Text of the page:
Military Intelligence Service
Takejiro returns home on December 23, 1945.
Discharged in early January 1946, he resumes studies at Farrington High School and graduates in 1947.
So I came back in December 45. I think I got home about December 23, our time. I stayed overnight at Tokyo from Korea. And on the way to Tokyo from Korea, army plane, BC-3, two-engine plane. We flew around Mount Fuji once, and the pilot of the plane, he said that was his last flight. So he said, "Oh, hell, I'm going home tomorrow, let's go one more time." So we saw Mount Fuji twice, from the air. And that mountain is beautiful. No matter from what angle, you see the same shape.
And stay overnight in Tokyo one night. And in the few hours we had, I had the opportunity to go visit the Imperial Palace.
And then came home by way of, I think it's Midway. In those days, DC-4, the four-engine plane, not enough to make a direct flight from Tokyo to here. Have to stop somewhere in between to refuel. So I'm not sure whether it was Guam or Midway. But anyway, we stopped at one island and flew back to Hawaii.
And in the meantime, my brother had enough points to be discharged right away so he remained in the Philippines, waiting for shipment back home. But those days transport, all went back to main[land] - West Coast. Hawaii guys came by plane.
And coming back on the plane according to ranks. Higher ranks get higher priority. My brother was only tech sergeant so they would push back, push back. Then finally, he came on January 46. He was supposed to be home before me. So when he came back, I was waiting for him at Hickam. So he look at me, "How come you got home already?" He knew I was sent to Korea. And then after that, I don't have correspondence with him.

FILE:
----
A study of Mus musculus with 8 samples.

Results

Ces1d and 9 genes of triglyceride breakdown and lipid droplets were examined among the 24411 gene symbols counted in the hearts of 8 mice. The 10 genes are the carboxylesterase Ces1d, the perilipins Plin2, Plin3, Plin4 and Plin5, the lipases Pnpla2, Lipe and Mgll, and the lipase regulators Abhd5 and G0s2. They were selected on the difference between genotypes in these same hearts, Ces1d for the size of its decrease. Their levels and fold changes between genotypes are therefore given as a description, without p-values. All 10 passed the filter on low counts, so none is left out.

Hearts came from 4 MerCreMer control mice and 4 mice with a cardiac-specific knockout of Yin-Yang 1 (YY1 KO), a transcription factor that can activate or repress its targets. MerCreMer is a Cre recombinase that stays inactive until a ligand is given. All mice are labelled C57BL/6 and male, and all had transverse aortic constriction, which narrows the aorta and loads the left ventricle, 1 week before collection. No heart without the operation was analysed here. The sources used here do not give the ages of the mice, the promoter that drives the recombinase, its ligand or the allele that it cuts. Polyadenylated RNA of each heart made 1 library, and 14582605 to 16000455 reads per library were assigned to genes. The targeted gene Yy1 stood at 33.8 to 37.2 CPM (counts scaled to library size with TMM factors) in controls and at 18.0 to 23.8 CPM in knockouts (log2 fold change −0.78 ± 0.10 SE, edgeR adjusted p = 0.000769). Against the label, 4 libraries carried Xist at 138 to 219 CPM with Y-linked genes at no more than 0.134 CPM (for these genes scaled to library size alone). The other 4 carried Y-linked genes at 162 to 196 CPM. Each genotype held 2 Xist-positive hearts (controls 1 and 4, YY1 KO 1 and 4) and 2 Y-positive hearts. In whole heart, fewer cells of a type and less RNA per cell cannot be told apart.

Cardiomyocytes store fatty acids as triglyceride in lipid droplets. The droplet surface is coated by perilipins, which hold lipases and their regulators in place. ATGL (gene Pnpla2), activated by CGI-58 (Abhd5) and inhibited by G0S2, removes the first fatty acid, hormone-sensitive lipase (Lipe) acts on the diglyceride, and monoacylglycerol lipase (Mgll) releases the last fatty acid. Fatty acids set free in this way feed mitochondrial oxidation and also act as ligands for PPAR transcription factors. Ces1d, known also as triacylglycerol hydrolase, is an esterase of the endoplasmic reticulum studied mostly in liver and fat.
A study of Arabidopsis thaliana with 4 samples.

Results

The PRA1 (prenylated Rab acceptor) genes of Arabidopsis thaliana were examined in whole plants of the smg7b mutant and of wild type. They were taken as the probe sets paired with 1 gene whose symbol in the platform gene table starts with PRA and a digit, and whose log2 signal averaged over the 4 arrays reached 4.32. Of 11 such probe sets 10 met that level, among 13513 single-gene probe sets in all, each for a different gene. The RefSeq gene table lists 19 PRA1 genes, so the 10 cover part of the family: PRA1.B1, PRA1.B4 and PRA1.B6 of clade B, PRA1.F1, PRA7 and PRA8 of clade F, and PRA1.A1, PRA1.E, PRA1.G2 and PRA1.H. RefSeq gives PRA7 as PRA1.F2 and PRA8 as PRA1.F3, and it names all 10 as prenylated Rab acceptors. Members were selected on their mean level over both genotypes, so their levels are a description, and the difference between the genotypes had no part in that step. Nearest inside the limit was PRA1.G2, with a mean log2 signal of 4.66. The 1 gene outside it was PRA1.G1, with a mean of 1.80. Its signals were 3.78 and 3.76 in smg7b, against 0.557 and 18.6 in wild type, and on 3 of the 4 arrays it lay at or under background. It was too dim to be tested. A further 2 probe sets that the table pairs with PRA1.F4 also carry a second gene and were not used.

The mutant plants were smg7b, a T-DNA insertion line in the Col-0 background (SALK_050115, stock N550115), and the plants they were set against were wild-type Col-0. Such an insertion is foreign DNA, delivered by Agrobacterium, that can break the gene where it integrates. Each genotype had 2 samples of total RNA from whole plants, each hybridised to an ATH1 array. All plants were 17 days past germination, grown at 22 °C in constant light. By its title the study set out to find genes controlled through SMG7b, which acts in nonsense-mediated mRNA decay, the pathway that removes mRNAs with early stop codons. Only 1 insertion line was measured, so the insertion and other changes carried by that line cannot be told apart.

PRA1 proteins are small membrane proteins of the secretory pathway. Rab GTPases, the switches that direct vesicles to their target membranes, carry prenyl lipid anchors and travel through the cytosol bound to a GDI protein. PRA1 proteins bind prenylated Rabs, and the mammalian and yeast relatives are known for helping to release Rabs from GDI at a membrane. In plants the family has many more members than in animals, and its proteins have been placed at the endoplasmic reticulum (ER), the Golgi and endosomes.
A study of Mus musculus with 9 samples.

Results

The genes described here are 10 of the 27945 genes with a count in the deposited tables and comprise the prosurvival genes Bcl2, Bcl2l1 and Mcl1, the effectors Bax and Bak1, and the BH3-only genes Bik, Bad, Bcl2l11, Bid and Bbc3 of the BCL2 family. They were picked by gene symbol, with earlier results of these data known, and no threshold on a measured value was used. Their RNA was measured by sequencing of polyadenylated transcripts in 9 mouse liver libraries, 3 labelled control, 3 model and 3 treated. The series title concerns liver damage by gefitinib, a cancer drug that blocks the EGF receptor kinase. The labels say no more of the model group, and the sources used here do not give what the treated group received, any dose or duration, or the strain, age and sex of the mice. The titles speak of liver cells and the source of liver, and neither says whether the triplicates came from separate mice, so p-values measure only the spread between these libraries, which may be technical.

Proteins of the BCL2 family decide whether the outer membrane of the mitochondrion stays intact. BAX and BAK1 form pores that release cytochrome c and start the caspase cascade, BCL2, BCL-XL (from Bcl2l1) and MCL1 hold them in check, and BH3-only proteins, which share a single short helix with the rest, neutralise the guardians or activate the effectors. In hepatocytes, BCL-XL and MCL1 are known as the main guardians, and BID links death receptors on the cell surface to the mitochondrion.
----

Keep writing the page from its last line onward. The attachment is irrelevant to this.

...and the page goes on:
My brother-in-law and my sister had just opened a store on Kukui Street. Grocery store. I just came home on the bus from Hickam. Catching the bus, and stop over at the Kukui Street store. I walked in, my sister look at me, "Huh? When you got home?" "I just got home few minutes ago, few hours ago." So I talk story. They didn't know, they didn't expect me coming home.
Farrington High School
I wouldn't have signed up [for occupation duty]. I was going back to school. I told you, I only finished high school one year. So I was determined to go back to school. And we knew the G.I. Bill was in there, so I knew I could afford to go school.
I got discharged January, early part of January, 46, and I went back to Farrington High School.
I just went to Farrington and applied. And being a G.I., I guess they gave me first semester credit without taking any courses. So I was assigned to Flora Ching. Miss Ching's class. So at the end of the semester, she gave me small gifts. "What this for, Miss Ching?"
"You know, Take. . .when you came into my class, I told myself, what did I do wrong to get this guy in my class?" She thought, being a G.I., ex-G.I., going to give her trouble. But I was determined to be a good student. I studied like hell. So when the kids making noise, all I got to do is look like that, eh, then you can hear a pin drop. Quiet. Because those days, we used to get a discharge pin, we used to call 'em "gooney bird." Discharge pin. They look at that, they respect. Highest respect. Anyway, all I got to do is just look like that, hoo, quiet. "So, I'm grateful that you kept my class real quiet so that everybody studied."
Yeah, actually she was a brand-new teacher, about three, four years older than me. I was what, 46, I was twenty-three already.
I was determined to get education, basic education. So I never thought about anything other than study, study, study. And at the same time, I was working, too. Full-time work. I went back to Farrington, 46, September. In 47, graduated, senior year.
Takejiro Higa's interview courtesy of the Center for Oral History. Photographs courtesy of National Archives and Takejiro Higa.